GitHub wants to improve security with new capabilities and best practices for account security and recoverability.
The company announced it will be enforcing more secure passwords by creating its own version of the project HaveIBeenPwned.com, which users could use to check for passwords that were found in available sets of breach data. The dataset is made up of 517 million records available, which is how GitHub is replicating the service internally.
Effective today, users with compromised passwords will be asked to change their password during login, registration, or when updating their password. The company recommends signing up for HaveIBeenPwned notifications as well.
In accordance with the best practice of using two-factor authentication, GitHub will now prompt users to periodically review their two-factor authentication setup and recovery options. Losing access to your two-factor credentials can result in you losing access to your account, so by requiring users to keep their credentials up-to-date, this risk can be minimized, the company explained.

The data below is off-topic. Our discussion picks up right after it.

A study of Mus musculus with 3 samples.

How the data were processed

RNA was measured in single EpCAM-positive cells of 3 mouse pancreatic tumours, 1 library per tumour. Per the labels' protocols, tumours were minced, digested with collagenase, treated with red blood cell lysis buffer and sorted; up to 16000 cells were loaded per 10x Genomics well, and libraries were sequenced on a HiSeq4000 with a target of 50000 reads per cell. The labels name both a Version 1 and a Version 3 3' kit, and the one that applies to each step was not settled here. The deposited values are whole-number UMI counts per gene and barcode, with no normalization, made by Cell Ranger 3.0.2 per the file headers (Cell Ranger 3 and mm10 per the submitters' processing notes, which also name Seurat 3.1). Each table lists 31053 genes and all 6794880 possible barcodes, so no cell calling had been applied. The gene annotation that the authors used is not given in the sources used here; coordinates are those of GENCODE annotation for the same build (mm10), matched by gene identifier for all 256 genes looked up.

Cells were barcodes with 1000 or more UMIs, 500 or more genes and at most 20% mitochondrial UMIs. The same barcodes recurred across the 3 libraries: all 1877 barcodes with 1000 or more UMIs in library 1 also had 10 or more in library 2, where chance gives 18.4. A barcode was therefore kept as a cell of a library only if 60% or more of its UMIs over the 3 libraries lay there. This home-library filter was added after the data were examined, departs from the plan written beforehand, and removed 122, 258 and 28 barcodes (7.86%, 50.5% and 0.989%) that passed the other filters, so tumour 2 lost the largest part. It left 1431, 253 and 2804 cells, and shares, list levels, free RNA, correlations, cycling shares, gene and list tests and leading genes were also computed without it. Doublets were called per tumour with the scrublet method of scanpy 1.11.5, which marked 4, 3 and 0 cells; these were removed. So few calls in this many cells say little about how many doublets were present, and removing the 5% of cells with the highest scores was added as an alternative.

GitHub suggest that having a hardware U2F key is a secure option for two-factor authentication. It also recommends storing two-factor backup codes in a password manager or secure physical location, as well as linking your GitHub account to Facebook via Recover Accounts Elsewhere.
In addition, GitHub recommends reviewing other GitHub credentials such as SSH keys, deploy keys, OAuth authorizations, and personal access tokens. The company does remove those that have not been used in a year, but still recommends reviewing them periodically.